Last year when I moved from Arkansas to Pennsylvania, friends were concerned about how I’d fare. I predicted that the hardest part might be “learning to live with real winter again.”
We had four snows in December, I think, and most of them didn’t incapacitate traffic at all, and the one that did, well, I didn’t have to drive anywhere the day that it did. We’ve had a few dustings in January, some melted away by afternoon. On several days, the temperature’s gone above 60. On Facebook and Instagram I see some of you frolicking in the snow with your kids, your friends, your pets. I see the beauty of new snow over a landscape, or softening a prickly pine branch. And something in me is pouting.
Winter is winter, of course, wherever we live. And it is winter here. The deciduous trees are bare. Gardens lie fallow. Many days are gray and sunless from dawn to dusk. It’s cold often, windy sometimes. Getting around in snow was the thing I was worried about. So why am I wishing for it? Why do I want to test my ability to drive over the river and through the ‘hood in it?
I think it’s three things. One, the child in me remembers snowy winters, and the magical way a good snowfall cleanses and softens the landscape. Two, the adult in me wants to rise to the challenge, to show herself she can plow through temporary obstacles and get to those who need her, those she needs. And three, it’s simply the cognitive itch of unmet assumptions: This is not the winter I was expecting.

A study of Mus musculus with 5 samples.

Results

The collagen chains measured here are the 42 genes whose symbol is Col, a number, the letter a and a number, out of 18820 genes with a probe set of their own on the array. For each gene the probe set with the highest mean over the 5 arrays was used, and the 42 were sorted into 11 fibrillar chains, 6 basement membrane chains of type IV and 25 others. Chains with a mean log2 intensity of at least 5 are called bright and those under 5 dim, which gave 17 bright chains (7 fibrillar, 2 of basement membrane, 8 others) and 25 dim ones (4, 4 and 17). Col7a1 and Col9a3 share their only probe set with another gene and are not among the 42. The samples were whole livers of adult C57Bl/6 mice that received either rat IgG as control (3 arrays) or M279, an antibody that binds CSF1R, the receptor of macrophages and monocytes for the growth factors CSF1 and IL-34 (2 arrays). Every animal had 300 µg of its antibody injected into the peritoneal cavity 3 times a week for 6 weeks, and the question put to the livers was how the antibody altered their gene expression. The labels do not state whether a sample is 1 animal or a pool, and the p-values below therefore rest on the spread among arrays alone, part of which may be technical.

Winter is, of course, more than weather. Like any season, it has its metaphors, its states of mind, its menus. Winter is a time of dormancy, of hibernation, of long dark days, of slowing down, of waiting, of shoveling out, of planning and hoping. Of soups and stews and tea and cocoa and oranges.
This week, America’s celebrity groundhog will pop out of his burrow and make his prediction: Either we have six more weeks of winter, or spring is right around the corner. Assuming that corner is at least a month down the road, we’re going to spend the next five Fridays in a book club, reading The Long Winter by Laura Ingalls Wilder.
Winter can be a time of disappointments, of trains (and planes) grounded, of firewood running out and provisions running low. Of parents deciding how much to tell the children. Of families drawing close around the hearth. Of creative gift-giving. Of the simple joys of reading together.
Each week, we’ll discuss six or seven chapters, about 50 pages. If you have children at home, we hope you’ll read along with them.
- Feb. 3 — “Make Hay While the Sun Shines” through “Indian Warning”
- Feb. 10 — “Settled in Town” through “We’ll Weather the Blast”
- Feb. 17 — “One Bright Day” through “Where There’s a Will”
- Feb. 24 — “Antelope!” through “Breathing Spell”
- March 3 — “For Daily Bread” through “Christmas in May”
We’ll have some discussion questions to get us started, and some surprises. Join us any time. We’ll put the kettle on for tea.